After months of teasing fans, 808 Mafia producer TM88 and Freebandz Gang’s own Doe Boy dropped off their 11-track joint albumixtape titled 88 Birdz. Doe Boy has been tearing through the mixtape circuit consistently over the past few years, most recently with the releases of In Freebandz We Trust 2 back in late 2017 and No Worries at the top of this year. With Young Thug handling executive producer duties on this one, combined with a strong list of features makes 88 Birdz the premier album of Doe Boy’s career.

The Cleveland rapper’s style fits the mold of any trap rapper this side of 2018. Despite the commonality, his commanding tone and delivery work mesh with TM88’s speaker boxes. The braggadocious raps and Migos-esque flow found on a banger like “2 Smoove” highlight why he’s one of the top gunners on the FBG roster. “38” is another track that effectively showcases his skill set as a captivating artist, as he openly gives some insight into his past experiences in the streets. Over a dark, menacing instrumental he raps “Momma kicked me out so many times I can’t count, Youngin hit a lick every time she put me out/ I got all this clout cuz my niggas they can vouch, really put in work they all know I ain’t no slouch.”

Despite there being clear improvements in his solo ability, Doe Boy falls victim to being overshadowed by his guest features. The project’s bouncy opener “Slimey As It Get” featuring Young Thug is a fire record that sounds like it could have benefitted Thugga’s last release Slime Language for the better. The early fan favorite — “10 Piece” with Future and Thug — and “Both Sides” featuring Moneybagg Yo are clear standouts. “Both Sides” is one of the more emotional songs on the mixtape and also features Doe Boy’s best melodic exhibition which effectively sets up a standout verse from the CMG rep.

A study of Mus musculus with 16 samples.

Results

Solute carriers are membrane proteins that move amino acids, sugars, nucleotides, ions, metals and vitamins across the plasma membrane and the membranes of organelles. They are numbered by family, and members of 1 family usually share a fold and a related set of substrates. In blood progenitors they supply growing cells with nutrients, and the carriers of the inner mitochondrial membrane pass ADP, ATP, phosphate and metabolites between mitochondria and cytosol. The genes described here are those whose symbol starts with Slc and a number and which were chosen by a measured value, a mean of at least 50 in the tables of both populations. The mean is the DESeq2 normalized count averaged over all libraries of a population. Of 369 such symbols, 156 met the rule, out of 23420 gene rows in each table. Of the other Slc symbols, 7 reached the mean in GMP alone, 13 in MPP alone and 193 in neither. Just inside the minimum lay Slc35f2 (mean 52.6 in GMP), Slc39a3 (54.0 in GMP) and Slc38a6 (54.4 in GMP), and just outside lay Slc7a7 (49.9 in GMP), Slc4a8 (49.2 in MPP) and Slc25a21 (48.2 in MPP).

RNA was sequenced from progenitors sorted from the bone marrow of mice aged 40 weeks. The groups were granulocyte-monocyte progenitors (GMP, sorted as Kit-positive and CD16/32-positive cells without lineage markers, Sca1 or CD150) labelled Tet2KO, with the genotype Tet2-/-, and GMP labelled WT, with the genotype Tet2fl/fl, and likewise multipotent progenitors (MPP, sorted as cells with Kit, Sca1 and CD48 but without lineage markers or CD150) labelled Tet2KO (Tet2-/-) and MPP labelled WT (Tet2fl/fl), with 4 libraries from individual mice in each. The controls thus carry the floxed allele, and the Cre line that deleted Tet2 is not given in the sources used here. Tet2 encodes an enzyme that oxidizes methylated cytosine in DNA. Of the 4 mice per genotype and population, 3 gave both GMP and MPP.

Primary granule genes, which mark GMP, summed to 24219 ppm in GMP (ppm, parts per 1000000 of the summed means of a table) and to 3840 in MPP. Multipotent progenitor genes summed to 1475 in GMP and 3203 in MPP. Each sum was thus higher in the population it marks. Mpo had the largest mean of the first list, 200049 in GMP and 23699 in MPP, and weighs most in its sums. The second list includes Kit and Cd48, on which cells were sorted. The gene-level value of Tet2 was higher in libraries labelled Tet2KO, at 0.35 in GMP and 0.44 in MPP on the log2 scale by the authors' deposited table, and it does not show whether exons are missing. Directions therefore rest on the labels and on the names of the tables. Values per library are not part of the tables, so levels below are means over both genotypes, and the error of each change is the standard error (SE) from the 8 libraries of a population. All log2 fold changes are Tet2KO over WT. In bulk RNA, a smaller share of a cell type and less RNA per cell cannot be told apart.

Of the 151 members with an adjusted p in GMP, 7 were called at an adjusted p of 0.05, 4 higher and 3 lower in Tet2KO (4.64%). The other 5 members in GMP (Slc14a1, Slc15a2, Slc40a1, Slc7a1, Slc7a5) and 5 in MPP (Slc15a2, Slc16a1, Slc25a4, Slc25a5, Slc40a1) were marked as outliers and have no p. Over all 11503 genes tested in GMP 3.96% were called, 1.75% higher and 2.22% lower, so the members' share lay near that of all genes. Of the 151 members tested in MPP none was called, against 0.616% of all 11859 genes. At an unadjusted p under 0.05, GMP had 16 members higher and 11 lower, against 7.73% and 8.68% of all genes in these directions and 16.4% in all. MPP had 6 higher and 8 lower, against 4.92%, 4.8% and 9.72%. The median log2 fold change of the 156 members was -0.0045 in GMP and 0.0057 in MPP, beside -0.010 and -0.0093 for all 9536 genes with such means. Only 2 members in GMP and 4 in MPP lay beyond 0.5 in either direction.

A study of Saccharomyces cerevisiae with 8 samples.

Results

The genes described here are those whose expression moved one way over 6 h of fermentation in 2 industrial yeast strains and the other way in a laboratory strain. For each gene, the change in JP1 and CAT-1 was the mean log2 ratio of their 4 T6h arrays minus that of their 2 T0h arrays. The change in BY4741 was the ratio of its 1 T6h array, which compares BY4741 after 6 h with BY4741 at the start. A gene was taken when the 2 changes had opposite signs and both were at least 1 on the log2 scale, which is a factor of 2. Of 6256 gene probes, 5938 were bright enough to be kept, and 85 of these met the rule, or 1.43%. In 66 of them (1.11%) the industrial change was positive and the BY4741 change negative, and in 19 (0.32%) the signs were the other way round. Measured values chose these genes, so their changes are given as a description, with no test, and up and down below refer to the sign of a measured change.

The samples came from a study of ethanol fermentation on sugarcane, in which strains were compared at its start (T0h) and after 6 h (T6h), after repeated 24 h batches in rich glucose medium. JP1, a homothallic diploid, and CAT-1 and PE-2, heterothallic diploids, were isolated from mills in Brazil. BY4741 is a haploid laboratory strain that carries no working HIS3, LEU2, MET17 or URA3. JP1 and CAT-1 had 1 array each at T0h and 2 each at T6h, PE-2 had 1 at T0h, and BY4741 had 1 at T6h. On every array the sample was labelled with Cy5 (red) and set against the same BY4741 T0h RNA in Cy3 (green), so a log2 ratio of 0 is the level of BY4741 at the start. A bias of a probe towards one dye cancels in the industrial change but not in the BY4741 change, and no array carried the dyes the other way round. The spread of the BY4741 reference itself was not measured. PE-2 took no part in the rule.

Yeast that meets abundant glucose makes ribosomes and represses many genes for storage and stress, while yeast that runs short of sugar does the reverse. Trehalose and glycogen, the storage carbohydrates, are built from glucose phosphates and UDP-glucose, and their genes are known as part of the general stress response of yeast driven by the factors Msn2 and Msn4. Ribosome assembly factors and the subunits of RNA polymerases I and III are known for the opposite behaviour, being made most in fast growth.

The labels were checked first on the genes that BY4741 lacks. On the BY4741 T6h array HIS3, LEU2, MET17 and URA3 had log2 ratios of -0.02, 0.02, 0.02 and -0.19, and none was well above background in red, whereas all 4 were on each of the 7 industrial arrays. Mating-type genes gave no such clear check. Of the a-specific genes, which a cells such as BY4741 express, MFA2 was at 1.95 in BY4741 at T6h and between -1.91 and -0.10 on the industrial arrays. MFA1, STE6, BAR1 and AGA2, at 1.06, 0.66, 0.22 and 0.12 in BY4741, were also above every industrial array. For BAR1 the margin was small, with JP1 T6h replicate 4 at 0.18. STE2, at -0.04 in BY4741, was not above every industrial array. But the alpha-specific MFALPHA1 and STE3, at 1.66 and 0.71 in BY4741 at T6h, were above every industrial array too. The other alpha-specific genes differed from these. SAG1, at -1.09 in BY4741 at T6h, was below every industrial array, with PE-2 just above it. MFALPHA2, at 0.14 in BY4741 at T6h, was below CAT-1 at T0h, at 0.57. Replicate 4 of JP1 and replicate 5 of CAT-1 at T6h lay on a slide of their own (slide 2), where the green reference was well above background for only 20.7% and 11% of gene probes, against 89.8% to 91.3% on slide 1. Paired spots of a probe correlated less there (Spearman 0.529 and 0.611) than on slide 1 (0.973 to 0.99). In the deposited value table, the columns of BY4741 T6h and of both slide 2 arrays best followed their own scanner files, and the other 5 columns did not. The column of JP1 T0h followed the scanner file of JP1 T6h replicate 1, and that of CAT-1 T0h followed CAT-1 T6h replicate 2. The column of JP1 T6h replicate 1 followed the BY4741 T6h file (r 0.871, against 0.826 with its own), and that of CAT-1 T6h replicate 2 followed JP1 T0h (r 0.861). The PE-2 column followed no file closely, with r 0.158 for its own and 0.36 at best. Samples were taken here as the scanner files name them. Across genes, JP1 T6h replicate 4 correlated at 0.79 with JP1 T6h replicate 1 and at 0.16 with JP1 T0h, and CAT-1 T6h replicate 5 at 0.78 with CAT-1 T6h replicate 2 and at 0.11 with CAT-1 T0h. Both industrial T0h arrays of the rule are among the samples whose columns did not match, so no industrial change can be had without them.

Poor sequencing also knocks 88 Birdz down a couple notches, as the songs start to get monotonous stylistically. Records like “Ain’t No Love” and “Oh Really” come off like filler songs that could have been made by any artist in his lane, lowering the project’s ceiling. Based on this project, there could be a bright future ahead for Young Thug as an executive producer. He’s just going to have to learn what records to ultimately cut from the final tracklist.

The beats — provided mostly by TM88 with a few contributions from Zaytoven and Tre Pounds – are strong with an appropriate variation in style from start to finish. Outside the handful of glaring missteps, 88 Birdz adds strength to Doe Boy’s catalog and will go the distance in separating him from the countless rappers who occupy lyrical trap houses.